This is part of a series of tips for speakers to make your presentations better.
Please, please, please, learn how to set up your machine to look good on screen.
I saw Brent Ozar write a few notes on how to make your presentations better recently. This was primarily for the people presenting at the PASS Summit, with a few specifics to that event. Buck Woody also had a mini rant about sizing the fonts on your laptop.
Both are worth reading. The visual display of your work can overcome some poor speaking habits. Likewise, great speaking performances overcome some poor visual displays. Having both fail means your presentation may fail.
Note by failure, I mean that the attendees don’t like the talk and lose out on information because they’re bothered by the way your session appears. This could be at a conference, a SQL Saturday, or a lunch and learn at work.
To move on from Buck’s post, change the defaults in SSMS. Paul Randal has a nice post on configuring SSMS. Read it and try it.
I go for 14 point fonts, but note that you need to set Text and Grid results separately and restart SSMS. Do this before you walk in front of people.
It’s easy to do in SSMS. Click the Tools and then Options menu items. You’ll get a dialog like this, and on the left, under Environment, there’s a Fonts and Colors selection. Click it.
The top drop down on the right controls the section of SSMS. Query Windows are the Text Editor items. Below this, I have a font (Consolas) and a size (14). Below that on the left I have the various items in the Text Editor I can change fonts for. There are so many settings that this could be a weeklong project.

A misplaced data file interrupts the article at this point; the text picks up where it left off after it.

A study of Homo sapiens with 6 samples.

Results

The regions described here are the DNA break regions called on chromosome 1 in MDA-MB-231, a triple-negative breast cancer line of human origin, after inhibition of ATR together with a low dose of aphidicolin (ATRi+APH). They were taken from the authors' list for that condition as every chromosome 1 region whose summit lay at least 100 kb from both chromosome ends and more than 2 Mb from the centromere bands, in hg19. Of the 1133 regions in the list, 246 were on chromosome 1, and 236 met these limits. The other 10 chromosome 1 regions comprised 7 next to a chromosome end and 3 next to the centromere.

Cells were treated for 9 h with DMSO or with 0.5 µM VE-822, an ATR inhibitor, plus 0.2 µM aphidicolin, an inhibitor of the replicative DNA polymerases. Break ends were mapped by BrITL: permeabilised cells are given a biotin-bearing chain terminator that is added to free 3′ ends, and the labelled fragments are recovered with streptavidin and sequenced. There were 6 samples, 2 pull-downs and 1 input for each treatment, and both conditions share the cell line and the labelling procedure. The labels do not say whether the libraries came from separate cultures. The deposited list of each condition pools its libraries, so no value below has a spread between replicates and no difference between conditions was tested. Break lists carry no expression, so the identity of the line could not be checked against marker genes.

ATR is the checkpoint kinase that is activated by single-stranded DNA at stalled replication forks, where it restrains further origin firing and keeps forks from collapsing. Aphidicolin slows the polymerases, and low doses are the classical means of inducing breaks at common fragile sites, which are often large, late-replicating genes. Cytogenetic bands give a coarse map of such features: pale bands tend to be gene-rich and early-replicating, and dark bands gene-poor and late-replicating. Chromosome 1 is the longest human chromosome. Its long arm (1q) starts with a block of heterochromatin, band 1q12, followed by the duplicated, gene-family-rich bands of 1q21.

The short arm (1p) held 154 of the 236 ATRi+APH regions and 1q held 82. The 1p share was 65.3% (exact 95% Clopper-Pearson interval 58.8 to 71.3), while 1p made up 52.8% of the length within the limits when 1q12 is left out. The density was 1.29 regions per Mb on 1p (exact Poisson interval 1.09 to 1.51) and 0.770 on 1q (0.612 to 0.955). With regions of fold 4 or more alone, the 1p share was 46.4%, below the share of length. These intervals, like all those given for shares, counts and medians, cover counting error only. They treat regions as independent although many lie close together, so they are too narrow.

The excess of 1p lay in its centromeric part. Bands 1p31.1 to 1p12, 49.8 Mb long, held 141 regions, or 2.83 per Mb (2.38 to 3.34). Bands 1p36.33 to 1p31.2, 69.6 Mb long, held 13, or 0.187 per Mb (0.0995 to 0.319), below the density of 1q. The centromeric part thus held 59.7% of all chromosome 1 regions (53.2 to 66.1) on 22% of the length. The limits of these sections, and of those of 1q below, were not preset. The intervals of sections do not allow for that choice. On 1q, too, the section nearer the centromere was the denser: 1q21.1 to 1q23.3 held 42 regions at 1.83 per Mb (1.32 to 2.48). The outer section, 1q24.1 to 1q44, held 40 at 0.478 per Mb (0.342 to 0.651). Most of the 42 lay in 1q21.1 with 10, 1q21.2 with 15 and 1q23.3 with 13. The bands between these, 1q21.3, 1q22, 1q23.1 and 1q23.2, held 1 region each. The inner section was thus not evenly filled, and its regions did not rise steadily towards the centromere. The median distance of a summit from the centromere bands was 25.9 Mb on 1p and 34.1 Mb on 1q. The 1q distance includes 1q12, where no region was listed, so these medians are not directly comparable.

I usually just change the “Plain Text” to 14. I don’t’ worry about the others, but if you use other items in your presentation (like line numbers), change them.
If you select the top drop down, you’ll see this
These are the other places you can change fonts. The two I want to point out (I use them) are the Grid Results about 2/3 of the way down and Text Results a few below that. Change both of these font sizes, though you’ll have to restart SSMS.
If you make these changes, your attendees might not thank you, but they’ll be less likely to complain. Even in the largest rooms, 14 points seems to reach to the back of the room. And if it doesn’t, learn to zoom.